Should you Double Down when it's offered in Video Poker?



As we just mentioned, the definite positive here is that the casino holds no advantage when you double down. If you risk a video poker win worth $100, you'll be playing for a $100 profit - with no house edge. And few concepts in gaming can be more simple than this.

However, the downside is that you're risking a guaranteed win for more money. This may not bother players who've got a deep bankroll and can afford to lose. But what about the average player who gets thrilled when they land a 4-of-a-kind. When you make a 5-coin bet in Jacks or Better, this hand pays 125 coins. To most players, they'd rather keep the 125 coins, rather than put it on the line for a double-or-nothing payout.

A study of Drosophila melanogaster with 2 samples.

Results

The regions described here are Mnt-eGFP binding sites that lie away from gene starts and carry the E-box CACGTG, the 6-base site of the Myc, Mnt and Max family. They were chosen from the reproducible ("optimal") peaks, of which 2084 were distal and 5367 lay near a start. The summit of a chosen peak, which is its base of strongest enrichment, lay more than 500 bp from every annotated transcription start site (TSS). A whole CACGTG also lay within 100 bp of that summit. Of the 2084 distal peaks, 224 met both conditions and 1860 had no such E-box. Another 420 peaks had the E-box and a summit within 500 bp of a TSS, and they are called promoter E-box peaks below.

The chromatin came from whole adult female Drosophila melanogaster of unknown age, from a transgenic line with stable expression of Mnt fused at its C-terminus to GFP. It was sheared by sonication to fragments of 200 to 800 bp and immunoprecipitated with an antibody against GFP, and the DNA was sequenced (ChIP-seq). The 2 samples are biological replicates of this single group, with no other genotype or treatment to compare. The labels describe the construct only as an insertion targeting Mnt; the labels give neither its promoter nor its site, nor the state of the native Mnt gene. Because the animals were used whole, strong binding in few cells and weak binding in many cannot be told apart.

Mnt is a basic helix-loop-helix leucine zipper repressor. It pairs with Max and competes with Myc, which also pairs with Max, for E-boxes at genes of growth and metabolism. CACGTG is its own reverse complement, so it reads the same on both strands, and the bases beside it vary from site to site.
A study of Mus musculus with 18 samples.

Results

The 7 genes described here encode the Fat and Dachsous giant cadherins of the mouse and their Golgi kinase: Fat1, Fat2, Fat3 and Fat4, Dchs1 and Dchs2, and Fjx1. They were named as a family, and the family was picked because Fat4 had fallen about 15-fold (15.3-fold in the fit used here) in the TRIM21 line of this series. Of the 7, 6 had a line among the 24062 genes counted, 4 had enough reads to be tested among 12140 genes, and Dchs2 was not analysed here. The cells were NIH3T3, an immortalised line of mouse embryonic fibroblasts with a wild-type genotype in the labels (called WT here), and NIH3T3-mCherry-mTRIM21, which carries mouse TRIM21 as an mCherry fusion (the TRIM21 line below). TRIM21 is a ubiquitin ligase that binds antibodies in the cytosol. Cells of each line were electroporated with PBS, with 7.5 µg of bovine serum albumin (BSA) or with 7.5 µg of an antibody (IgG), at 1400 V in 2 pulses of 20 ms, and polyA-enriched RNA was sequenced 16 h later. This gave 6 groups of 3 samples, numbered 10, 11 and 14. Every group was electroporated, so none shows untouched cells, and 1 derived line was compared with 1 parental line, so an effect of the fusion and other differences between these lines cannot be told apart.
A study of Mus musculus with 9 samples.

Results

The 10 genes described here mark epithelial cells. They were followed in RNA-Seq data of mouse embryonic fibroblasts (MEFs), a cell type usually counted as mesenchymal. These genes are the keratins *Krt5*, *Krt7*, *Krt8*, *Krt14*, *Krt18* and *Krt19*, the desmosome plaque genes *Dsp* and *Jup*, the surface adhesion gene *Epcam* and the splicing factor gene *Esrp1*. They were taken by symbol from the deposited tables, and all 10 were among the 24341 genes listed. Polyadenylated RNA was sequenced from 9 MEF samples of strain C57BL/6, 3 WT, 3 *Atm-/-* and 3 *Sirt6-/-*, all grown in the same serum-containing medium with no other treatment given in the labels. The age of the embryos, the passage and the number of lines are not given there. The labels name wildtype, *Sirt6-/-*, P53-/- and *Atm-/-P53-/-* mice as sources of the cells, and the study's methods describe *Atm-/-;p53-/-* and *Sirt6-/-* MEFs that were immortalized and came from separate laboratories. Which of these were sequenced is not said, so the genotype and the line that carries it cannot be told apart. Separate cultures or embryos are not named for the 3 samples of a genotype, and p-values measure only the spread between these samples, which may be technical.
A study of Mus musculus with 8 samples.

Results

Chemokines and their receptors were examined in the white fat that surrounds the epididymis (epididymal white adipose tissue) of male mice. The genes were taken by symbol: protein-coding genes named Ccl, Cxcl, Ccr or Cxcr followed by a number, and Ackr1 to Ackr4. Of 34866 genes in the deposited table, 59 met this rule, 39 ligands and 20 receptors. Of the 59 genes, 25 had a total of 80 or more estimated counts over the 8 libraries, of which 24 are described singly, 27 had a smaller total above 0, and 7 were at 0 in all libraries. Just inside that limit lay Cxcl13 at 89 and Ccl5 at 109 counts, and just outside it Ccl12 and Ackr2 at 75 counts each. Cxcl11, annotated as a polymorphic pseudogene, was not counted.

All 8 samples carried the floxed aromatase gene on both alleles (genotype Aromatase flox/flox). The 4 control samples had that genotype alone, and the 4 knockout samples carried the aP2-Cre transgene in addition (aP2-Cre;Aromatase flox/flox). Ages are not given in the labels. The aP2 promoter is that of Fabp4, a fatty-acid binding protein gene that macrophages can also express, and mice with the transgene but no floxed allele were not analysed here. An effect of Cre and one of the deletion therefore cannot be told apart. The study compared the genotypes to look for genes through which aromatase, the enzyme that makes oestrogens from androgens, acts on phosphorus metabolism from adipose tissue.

Another point worth making here is that your probability of winning is far less than 50%. Sure the odds on your money are even; but you only win about 45% of the video poker hands you play. And many of these wins are pushes for getting the lowest minimum payout.

If you're going to double down multiple times, you must also consider how your probability of winning subsequent hands is lower and lower. For example, if you only have a 25% chance of doubling down two times in a row and winning (0.50 x 0.50 = 0.25). So those who continue risking their money have a much smaller chance of banking wins in the short-term.

So from an overall perspective, if you're going to double down, it's a good idea to have a big bankroll when doing so. And even with a large bankroll, you still need to consider how much the wins mean to you before putting winnings on the line a second or even third time. But if you're not afraid of the risk and can absorb extra losses, taking advantage of these even-up double-or-nothing bets is worth it.